T In The Park 2008: Pet Sounds Arena

The definitive guide to the weekend's classic acts

T In The Park 2008: Pet Sounds Arena

Photographer: Shirlaine ForrestGraeme Johnston on 14 July 2008


Few fans decide to start their Saturday with The Whigs in the Pet Sounds Arena, but those who do are treated to an impressive early volley of grunge. Hit 'Like a Vibration' go down a treat, and the band seems chuffed to get their shot.

Tom Baxter appears in great spirits for a man who nearly wasn't here. Minutes before going on stage he tells me, with a smile, about the 9-hour ordeal he had with a bus that broke down, before cheerily adding: "It should be great fun. We always get good gigs up here." He and his band go on to tease out pleasant noises from Irish folk to flamenco for a delighted older crowd, the big highlight being 'Skybound'.

No act too unusual for T, it's straight-laced Will Young's turn to break in his festival wellies. The Pop Idol winner doesn't need to win over anyone here, as he entertains a huge mob of his own fans with a Scotland-themed set including The Proclaimers' '500 Miles' and 'Bonnie Banks O' Loch Lomond'.

Ex-Test Icicle man Dev Hynes treats his army of followers to 'Galaxy of the Lost', 'Midnight Surprise' and even a brilliant version of the Star Wars theme under his latest guise Lightspeed Champion. He can't resist a dig at Will Young, and cheekily laughs off the chorus of boos.

Whipping out an accordion and double-neck guitars, The Hold Steady's unusual brand of rock n roll lights up the Pet Sounds Arena. The crowd warm up their singing voices by helping the band on 'Sequestered in Memphis' and make a point of thanking the crowd for their great welcome.

MGMT singer Andrew Van Wyndgarden takes the easy route of winning over fans, draping himself in a saltire to roars from onlookers. When their keyboardist opines "Scotland are the best", the job is done, and it's left to powerful prog-pop 'Kids' to truly seal the deal.

American indie boys Band Of Horses pick out their tight Southern rock melodies to decent reception, songs like 'Is There A Ghost?' eliciting cheers. While not as good as MGMT, the band do well with a fun set of top tunes.

A surprisingly sparse crowd meets singer-songwriter Ben Folds who, un-phased, plays a blinding selection of his greatest tunes. Everything from sentimental 'Annie Wakes' and upbeat favourite 'Rockin' The Suburbs' delight the fans, who roar and cheer like it was God himself behind the piano.

To compete with any headliner is tough, but when that band are newly-reformed rock legends Rage Against The Machine, few would argue that Interpol don't have to seek their battle.  The Pet Sounds Arena treats them well though, a full compliment of punters ready to fuel their set. The impressive light show demonstrates that Interpol are certainly big enough to compete with the best, while the screams for 'Slow Hands' and 'Obstacle 1' suggest fans are happy with their choice of headliner. An encore of 'Rest My Chemistry' rounds off a top performance.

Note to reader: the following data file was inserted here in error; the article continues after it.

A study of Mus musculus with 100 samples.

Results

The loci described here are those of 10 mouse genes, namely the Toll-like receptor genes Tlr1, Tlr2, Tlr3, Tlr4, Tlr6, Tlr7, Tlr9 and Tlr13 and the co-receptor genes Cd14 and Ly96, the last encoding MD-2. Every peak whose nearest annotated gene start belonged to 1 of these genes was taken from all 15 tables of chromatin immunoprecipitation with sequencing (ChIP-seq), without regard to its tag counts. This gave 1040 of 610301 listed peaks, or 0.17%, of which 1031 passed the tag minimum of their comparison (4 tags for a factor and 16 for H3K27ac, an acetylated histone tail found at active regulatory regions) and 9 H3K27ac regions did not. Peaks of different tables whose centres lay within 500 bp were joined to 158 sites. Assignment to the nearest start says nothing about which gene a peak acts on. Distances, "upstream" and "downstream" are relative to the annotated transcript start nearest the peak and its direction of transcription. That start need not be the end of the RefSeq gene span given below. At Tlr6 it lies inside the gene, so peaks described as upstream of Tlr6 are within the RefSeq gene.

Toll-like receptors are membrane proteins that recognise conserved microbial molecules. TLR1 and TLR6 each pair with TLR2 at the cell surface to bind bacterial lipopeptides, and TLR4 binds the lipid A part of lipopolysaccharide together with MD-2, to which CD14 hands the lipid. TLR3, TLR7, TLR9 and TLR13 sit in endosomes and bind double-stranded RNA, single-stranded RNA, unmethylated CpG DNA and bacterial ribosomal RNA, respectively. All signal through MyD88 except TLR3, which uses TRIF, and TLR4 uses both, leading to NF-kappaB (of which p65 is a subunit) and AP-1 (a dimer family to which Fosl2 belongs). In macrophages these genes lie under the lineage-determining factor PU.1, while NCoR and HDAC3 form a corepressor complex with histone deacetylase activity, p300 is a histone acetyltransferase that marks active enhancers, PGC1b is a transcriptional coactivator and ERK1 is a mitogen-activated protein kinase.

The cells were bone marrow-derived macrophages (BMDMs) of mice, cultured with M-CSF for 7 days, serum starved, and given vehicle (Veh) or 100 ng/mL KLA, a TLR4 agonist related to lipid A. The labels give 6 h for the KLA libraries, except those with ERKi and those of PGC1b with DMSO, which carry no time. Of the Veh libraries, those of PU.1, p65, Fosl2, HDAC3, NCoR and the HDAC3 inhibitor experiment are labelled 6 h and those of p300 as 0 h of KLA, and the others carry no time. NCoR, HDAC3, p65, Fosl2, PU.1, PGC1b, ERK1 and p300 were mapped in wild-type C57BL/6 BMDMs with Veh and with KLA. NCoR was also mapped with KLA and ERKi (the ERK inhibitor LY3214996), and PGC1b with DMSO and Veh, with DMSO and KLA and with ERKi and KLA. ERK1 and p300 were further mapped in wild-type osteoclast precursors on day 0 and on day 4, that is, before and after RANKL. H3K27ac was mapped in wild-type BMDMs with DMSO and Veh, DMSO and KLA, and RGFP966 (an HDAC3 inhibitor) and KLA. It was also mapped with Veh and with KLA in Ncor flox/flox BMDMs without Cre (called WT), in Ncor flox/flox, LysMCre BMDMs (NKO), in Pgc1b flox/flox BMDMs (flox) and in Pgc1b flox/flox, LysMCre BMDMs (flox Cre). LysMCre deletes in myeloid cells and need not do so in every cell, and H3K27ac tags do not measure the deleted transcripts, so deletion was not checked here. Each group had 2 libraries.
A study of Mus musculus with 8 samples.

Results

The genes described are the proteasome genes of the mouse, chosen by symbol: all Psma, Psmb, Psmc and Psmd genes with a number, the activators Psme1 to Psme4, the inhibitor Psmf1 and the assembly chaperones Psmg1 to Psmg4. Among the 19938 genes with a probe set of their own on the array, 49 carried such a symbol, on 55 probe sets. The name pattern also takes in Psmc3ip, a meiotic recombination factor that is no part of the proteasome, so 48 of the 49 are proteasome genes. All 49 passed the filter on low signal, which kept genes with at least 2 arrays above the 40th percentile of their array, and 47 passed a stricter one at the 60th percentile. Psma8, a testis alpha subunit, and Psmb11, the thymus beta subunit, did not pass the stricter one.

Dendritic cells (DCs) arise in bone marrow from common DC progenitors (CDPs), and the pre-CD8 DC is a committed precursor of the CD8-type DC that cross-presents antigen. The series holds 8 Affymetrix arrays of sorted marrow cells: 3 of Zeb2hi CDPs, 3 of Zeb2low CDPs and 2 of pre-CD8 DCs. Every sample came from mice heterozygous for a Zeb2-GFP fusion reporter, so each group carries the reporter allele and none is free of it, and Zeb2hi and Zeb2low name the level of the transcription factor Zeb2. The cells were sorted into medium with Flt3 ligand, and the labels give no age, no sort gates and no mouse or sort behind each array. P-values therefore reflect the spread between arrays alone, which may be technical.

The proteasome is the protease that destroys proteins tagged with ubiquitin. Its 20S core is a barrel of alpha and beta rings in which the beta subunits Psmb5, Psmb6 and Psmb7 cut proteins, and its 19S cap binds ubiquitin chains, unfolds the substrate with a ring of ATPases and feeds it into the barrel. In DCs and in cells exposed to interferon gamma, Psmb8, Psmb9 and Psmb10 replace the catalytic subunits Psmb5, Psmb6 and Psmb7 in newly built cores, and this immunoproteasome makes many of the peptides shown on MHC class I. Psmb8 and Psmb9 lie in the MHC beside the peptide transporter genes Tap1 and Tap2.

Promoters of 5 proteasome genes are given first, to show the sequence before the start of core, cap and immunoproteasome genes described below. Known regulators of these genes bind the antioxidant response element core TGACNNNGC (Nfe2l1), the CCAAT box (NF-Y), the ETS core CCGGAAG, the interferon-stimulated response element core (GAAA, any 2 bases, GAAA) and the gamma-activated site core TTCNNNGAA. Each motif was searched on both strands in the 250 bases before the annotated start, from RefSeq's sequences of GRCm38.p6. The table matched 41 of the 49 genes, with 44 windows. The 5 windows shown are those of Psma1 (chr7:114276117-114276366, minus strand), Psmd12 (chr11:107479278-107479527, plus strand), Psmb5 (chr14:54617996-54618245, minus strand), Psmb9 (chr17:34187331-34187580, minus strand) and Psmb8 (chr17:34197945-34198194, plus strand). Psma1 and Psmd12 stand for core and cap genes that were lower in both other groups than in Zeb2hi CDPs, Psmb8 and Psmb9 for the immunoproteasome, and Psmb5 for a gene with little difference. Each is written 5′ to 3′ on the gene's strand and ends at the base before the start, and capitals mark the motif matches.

With Led Zeppelin riffs as big as Robert Plant's hair, it's easy to see why My Morning Jacket are the band Dave Grohl described as the greatest live act on the planet.  Their mesmerising set is enjoyed by all present, so frontman Jim James takes the chance to preach peace - he tells us that he's wearing the International Peace Belt, which has toured the world for over a year.  Magic.

Experimental rock nutters Battles bring the sort of set up that makes the cockpit of the Millenium Falcon look basic.  All manner of cables, buttons, computers and switches conspire with drums and guitar to make a sound that's truly stunning.  'Atlas' is received like rain in a drought, massive grins spreading through the crowd – an early contender for this stage's band of the day.

Seasick Steve has lived on the streets of America, travelled as a hobo, worked as a carnie and cowboy and lived in 56 houses over 25 years of marriage - to say that this old character has a story or two up his dungarees is an understatement.  His whisky-soaked voice travels across the Pet Sounds Arena as he preaches his stuff - practically whistling through the gaps in his teeth.  A brilliant set of classic sounding blues.

The National's 'Boxer' was acclaimed by many as one of the best albums of last year and the chance to hear it live proves popular with trendy fans packing in to Pet Sounds to sing along to picks from the brilliant record.

Darlings of the trendy media Hot Chip need no hype tonight.  Fans fight for space as they wait to hear renditions of the Brit electro-pop band's critically applauded back catalogue.  With tracks from 'Coming On Strong', 'The Warning' and 'Made In The Dark' their set is a delight, peaking with the big singles 'Boy from School' and 'Over and Over'.

Originally in an early afternoon slot, Brian Jonestown Massacre have been bumped up to headline and stride out with all the confidence of a band with nothing to prove.  They ply their neo-psychedelic rock artfully, lead by the vision and presence of main man Anton Newcombe. Dark songs such as 'The Ballad of Jim Jones' show that the moody troop are as influenced Rolling Stone Brian Jones as they are by the Jonestown Massacre and the macabre.  For the casual onlooker there's nothing here to keep from making the short walk to see arguably Britain's finest band in The Prodigy, but for hardcore fans its a treat
and a fine end to a great weekend of Pet Sounds Action.